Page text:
In 2017, hackers and security researchers highlighted long-standing vulnerabilities in Signaling System 7 (SS7, or Common Channel Signalling System 7 in the US), a series of protocols first built in 1975 to help connect phone carriers around the world. While the problem isn’t new, a 2016 60 Minutes report brought wider attention to the fact that the flaw can allow a hacker to track user location, dodge encryption, and even record private conversations. All while the intrusion looks like ordinary carrier to carrier chatter among a sea of other, "privileged peering relationships."
Telecom carriers and lobbyists have routinely downplayed the flaw and their multi-year failure to do much about it. In 2018, the CBC noted how Canadian wireless providers Bell and Rogers weren’t even willing to talk about the flaw after the news outlet published an investigation showing how (using only a mobile phone number) it was possible to intercept the calls and movements of Quebec NDP MP Matthew Dubé.
Now there’s yet another wake up call: a new report from the Guardian indicates that Rayzone, an Israeli corporate spy agency that provides its government clients with “geolocation tools," has been exploiting the flaw for some time to provide clients access to user location information and, potentially, the contents of communications. Apparently, the company first leased an access point in the network of Sure Guernsey, a mobile operator in the Channel Islands. From there, it appears to have exploited the SS7 flaw to track users in numerous additional countries:
"Industry sources with access to sensitive communications data say there is recent evidence of a steady stream of apparently suspicious signaling messages directed via the Channel Islands to phone networks worldwide, with hundreds of messages routed via Sure Guernsey and another operator, Jersey Airtel, to phone networks in North America, Europe and Africa in August."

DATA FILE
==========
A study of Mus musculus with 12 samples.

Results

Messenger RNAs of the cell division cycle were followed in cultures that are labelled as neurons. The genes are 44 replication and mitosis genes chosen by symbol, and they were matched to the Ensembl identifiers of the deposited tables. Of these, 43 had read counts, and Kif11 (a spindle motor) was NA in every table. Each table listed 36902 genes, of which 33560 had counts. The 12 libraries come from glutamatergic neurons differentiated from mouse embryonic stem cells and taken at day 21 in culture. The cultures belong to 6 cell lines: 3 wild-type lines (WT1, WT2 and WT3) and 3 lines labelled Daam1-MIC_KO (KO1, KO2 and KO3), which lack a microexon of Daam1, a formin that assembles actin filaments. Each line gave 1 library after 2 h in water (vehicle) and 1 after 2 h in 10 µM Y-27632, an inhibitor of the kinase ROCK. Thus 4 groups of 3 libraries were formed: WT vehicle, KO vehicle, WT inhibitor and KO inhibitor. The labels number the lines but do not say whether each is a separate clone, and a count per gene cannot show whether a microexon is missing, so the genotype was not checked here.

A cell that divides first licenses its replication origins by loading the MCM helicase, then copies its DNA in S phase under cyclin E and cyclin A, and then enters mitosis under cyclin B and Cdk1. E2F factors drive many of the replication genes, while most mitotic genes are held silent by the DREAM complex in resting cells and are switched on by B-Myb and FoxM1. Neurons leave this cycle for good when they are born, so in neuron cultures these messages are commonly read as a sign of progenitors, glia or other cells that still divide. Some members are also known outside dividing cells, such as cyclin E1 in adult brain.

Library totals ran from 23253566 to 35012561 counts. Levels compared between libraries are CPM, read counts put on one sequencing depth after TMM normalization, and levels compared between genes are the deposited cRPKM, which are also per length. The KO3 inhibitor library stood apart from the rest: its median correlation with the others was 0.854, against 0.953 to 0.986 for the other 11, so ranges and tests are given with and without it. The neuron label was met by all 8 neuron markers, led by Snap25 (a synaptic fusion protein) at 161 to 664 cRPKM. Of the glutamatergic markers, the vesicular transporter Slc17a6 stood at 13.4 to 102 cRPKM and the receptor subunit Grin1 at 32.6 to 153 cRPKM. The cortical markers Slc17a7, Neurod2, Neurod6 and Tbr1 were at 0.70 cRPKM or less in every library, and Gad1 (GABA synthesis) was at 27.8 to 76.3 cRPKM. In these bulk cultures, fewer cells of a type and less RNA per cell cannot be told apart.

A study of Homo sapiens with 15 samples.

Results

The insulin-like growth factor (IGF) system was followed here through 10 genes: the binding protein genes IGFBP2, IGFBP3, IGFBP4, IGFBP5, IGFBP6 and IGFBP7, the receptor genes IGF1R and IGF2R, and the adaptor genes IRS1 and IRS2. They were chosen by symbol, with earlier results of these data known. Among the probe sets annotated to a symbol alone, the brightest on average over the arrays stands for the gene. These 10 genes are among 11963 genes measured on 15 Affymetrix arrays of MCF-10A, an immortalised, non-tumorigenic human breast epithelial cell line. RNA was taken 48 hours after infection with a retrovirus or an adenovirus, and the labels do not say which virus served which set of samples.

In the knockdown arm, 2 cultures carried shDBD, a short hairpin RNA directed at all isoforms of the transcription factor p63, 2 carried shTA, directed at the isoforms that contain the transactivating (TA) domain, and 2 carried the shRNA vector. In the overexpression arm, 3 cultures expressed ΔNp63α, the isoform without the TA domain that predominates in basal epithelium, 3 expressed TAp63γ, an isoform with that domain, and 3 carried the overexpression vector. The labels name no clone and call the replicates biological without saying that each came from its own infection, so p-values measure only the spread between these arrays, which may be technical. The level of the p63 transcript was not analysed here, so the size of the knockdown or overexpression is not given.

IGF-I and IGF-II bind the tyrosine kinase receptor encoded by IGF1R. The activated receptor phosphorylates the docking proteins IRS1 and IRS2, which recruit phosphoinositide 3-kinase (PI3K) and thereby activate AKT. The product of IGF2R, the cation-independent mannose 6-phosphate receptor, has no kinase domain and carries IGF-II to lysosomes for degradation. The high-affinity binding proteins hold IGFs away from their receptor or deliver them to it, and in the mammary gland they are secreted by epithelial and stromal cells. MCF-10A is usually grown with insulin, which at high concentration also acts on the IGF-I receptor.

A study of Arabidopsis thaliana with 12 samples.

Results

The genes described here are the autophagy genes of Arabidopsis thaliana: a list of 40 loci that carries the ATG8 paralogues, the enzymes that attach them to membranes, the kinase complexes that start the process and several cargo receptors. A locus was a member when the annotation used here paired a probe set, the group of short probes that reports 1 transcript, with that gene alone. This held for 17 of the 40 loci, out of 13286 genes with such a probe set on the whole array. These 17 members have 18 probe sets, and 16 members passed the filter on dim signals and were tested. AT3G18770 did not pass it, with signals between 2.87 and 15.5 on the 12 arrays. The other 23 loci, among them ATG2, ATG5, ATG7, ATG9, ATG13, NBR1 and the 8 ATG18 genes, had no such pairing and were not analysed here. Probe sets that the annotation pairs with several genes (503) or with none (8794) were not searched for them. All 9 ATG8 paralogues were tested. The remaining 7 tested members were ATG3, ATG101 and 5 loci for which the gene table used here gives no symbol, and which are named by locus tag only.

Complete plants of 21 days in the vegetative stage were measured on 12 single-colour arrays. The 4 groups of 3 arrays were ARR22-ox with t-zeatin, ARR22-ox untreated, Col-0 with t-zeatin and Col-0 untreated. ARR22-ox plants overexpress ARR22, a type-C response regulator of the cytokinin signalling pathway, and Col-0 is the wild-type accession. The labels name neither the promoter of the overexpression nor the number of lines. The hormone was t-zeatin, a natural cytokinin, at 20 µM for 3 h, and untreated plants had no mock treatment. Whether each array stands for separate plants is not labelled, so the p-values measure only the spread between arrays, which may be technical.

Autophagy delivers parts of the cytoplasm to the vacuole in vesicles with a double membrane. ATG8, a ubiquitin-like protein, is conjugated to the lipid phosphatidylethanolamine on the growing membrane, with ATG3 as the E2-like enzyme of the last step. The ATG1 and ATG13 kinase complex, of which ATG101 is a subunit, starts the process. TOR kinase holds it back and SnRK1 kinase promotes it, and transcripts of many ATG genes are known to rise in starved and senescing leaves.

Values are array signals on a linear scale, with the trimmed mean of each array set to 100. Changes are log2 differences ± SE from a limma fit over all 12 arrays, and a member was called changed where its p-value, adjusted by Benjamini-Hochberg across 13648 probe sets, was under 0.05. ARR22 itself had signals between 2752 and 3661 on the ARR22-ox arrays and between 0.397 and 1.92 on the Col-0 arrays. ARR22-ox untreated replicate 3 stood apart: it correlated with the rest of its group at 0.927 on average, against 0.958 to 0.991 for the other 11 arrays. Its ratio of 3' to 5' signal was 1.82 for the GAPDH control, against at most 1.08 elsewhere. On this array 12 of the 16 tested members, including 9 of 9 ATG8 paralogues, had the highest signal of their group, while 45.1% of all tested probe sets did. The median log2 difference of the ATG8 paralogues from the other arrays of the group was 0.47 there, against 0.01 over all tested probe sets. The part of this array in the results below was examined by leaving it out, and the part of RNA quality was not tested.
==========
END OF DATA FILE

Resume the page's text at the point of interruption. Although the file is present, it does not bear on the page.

Of course, as with other past reveals of this type (like when Saudi Arabia was also found to be doing something similar to track targets inside the U.S.), the companies involved either insist they know nothing about such exploitation, or that they’re vaguely aware of it, and have done everything possible to prohibit it from happening. Though one reason many Telecoms may not have been particularly keen on cracking down on the practice is that numerous western governments very likely exploit the SS7 flaw as well.
Senator Ron Wyden demanded answers as early as 2017 from mobile phone companies as to why they haven’t done more to thwart the practice, and, last I checked, is still awaiting a response. For smaller carriers it can also be expensive and complicated to remedy the problem, which makes them even easier targets for exploitation. Experts say the U.S. FCC, as you might expect, hasn’t done much of anything to coordinate a response to the threat:
6/Things are especially broken in the US. Experts have made the problem clear, @DHSgov has laid out what needs to be done….but @FCC under @AjitPaiFCC has blocked serious policy fixes. https://t.co/OBj429LunO
— John Scott-Railton (@jsrailton) December 16, 2020
Instead, as the SolarWinds supply chain hack illustrates, America under Trump spent countless calories hyperventilating over nonsense like TikTok instead of focusing on the vast number of very real cybersecurity threats that actually pose a risk to international consumer, government, and business privacy.